One powerful defense to a credit debt lawsuit is the statute of limitations. A statute of limitations is simply a law (state or federal) that limits the amount of time a creditor has to sue on a debt. Without a statute of limitations, a creditor could lie in wait for decades accruing interest, and then spring the long-forgotten claim.
A statute of limitations discourages unreasonable delay in resolving credit issues and directs the creditor to file a lawsuit within a number of years or be forever legally barred.
When is a debt barred by a statute of limitations?
A debt that is outside a statute of limitations cannot be legally enforced by the creditor or a subsequent collector. Whether an old debt is “time-barred” depends on a number of factors.
First, different time limitation statutes apply to written contracts, oral contracts, or even to credit card debt.
Second, the time when the limitation clock starts, or tolls (temporarily stops), can sometimes be difficult to ascertain.
Generally, the statute of limitations clock starts on the day the last payment is made on the debt. For instance, if the statute of limitations is five years, a debt is time-barred if the creditor does not file its lawsuit within five years after the last payment.
Certain acts defined within the statute of limitations can toll the clock and extend the time to collect, such as if the debtor files bankruptcy, is imprisoned, leaves the state, or is sent into military combat.
Reviving a time-barred debt
Many consumers are surprised to learn that when a payment is made to a creditor, it resets or “revives” the statute of limitations. Even a nominal payment on the day before the statute of limitations period expires will restart another five year period.
Also, a debt that is legally time-barred due to the expiration of the statute of limitations may be revived in some states when the debtor reaffirms the debt, either by agreeing to set up payments, making a token payment, or otherwise acknowledging the debt.
In other cases a payment on a time-barred debt may form the basis of an argument that the debtor has waived, extended, or revived the statute of limitations.
Collection of time-barred debts
The statute of limitations is a legal defense to be used by a defendant in a lawsuit. A debt collector (whether the original creditor or a third party collector) is allowed to contact a debtor concerning a time-barred debt.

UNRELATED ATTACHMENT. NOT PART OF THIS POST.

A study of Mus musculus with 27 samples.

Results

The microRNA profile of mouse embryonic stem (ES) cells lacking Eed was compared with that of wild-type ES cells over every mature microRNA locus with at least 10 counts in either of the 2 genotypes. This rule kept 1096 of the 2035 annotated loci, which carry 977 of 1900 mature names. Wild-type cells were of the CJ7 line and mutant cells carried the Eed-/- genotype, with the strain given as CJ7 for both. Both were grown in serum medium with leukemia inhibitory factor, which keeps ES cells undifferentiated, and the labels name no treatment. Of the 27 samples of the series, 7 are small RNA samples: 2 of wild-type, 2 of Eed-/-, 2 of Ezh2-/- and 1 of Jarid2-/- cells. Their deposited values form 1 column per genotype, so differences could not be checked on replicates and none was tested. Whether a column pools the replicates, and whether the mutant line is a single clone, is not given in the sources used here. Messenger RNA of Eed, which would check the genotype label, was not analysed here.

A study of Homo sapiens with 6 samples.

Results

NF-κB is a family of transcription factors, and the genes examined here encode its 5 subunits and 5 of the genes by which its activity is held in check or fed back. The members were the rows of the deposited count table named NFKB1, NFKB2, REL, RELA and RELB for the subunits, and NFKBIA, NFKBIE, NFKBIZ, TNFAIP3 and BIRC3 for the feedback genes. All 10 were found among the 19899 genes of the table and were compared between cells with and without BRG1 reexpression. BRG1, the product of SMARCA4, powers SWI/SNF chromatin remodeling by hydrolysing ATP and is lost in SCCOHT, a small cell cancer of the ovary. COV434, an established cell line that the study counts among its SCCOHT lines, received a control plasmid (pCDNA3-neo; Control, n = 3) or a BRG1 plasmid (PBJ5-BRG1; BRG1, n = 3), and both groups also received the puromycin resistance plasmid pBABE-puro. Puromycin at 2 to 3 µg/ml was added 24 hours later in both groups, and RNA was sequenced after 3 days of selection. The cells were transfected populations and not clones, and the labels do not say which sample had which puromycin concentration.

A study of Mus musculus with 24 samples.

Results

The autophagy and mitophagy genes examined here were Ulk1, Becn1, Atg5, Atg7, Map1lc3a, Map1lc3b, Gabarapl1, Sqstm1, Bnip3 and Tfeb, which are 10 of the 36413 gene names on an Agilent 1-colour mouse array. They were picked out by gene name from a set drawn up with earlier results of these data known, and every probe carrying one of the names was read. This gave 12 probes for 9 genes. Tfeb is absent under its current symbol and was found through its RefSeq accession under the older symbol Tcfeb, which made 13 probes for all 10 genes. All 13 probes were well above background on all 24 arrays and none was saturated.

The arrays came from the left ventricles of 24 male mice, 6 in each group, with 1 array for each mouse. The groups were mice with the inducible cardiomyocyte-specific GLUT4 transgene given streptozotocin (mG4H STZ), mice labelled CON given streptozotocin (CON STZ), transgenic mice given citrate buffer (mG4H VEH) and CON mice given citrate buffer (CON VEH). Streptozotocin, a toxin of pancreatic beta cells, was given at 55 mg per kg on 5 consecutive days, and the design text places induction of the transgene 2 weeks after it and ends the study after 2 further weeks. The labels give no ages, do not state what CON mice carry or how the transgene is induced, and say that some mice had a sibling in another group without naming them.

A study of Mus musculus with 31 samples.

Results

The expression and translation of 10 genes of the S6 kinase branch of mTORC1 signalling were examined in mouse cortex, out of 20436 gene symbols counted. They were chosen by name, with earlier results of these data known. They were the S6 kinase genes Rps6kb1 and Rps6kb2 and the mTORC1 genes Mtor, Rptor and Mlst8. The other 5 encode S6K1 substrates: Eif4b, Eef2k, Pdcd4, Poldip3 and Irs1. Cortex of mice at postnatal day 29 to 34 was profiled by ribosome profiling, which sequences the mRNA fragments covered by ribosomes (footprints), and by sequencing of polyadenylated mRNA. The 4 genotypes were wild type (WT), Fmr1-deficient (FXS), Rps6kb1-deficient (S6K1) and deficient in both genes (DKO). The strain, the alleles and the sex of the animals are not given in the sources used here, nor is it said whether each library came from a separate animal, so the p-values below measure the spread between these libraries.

A third party collector, such as a collection agency or attorney, does not have to volunteer that the debt is time-barred, but is required by law to answer truthfully if asked if the debt is beyond the statute of limitations (but may refuse to answer the question).
Stopping collection calls of time barred debts
A person may dispute a debt as time-barred by sending the collector a letter within 30 days of receiving a written notice of the debt. This letter should inform the creditor that the debt is disputed, that it is time-barred, and request verification of the debt.
Under the Fair Debt Collection Practices Act (“FDCPA”), a third collector must stop trying to collect until it provides verification of the debt.
The FDCPA directs that a third party collector must cease communication with the consumer when directed to do so.
The consumer must send written notice that either requests the collector cease further communication or state that the consumer refuses to pay the alleged debt. See 15 USC § 1692c(c).
Be sure to send this notice via certified mail because the notice is only complete upon receipt by the collector.
Statute of limitation defense in bankruptcy
A statute of limitations defense may be asserted in a bankruptcy case, especially in a Chapter 11 or 13 repayment case. See In re Hess, 404 B.R. 747 (Bankr. S.D.N.Y., 2009).
Debts that are outside the statute of limitations should be discovered by the bankruptcy trustee and objected to under Section 1302(b)(3), but sometimes these claims go unnoticed.
If not challenged by the trustee, the debtor should motion the bankruptcy court to disallow the debt as time-barred under Section 502(b)(1).
Disallowed debts are not paid during the bankruptcy case which may lower the monthly payment to creditors, or could reduce the Chapter 13 debtor’s time in bankruptcy.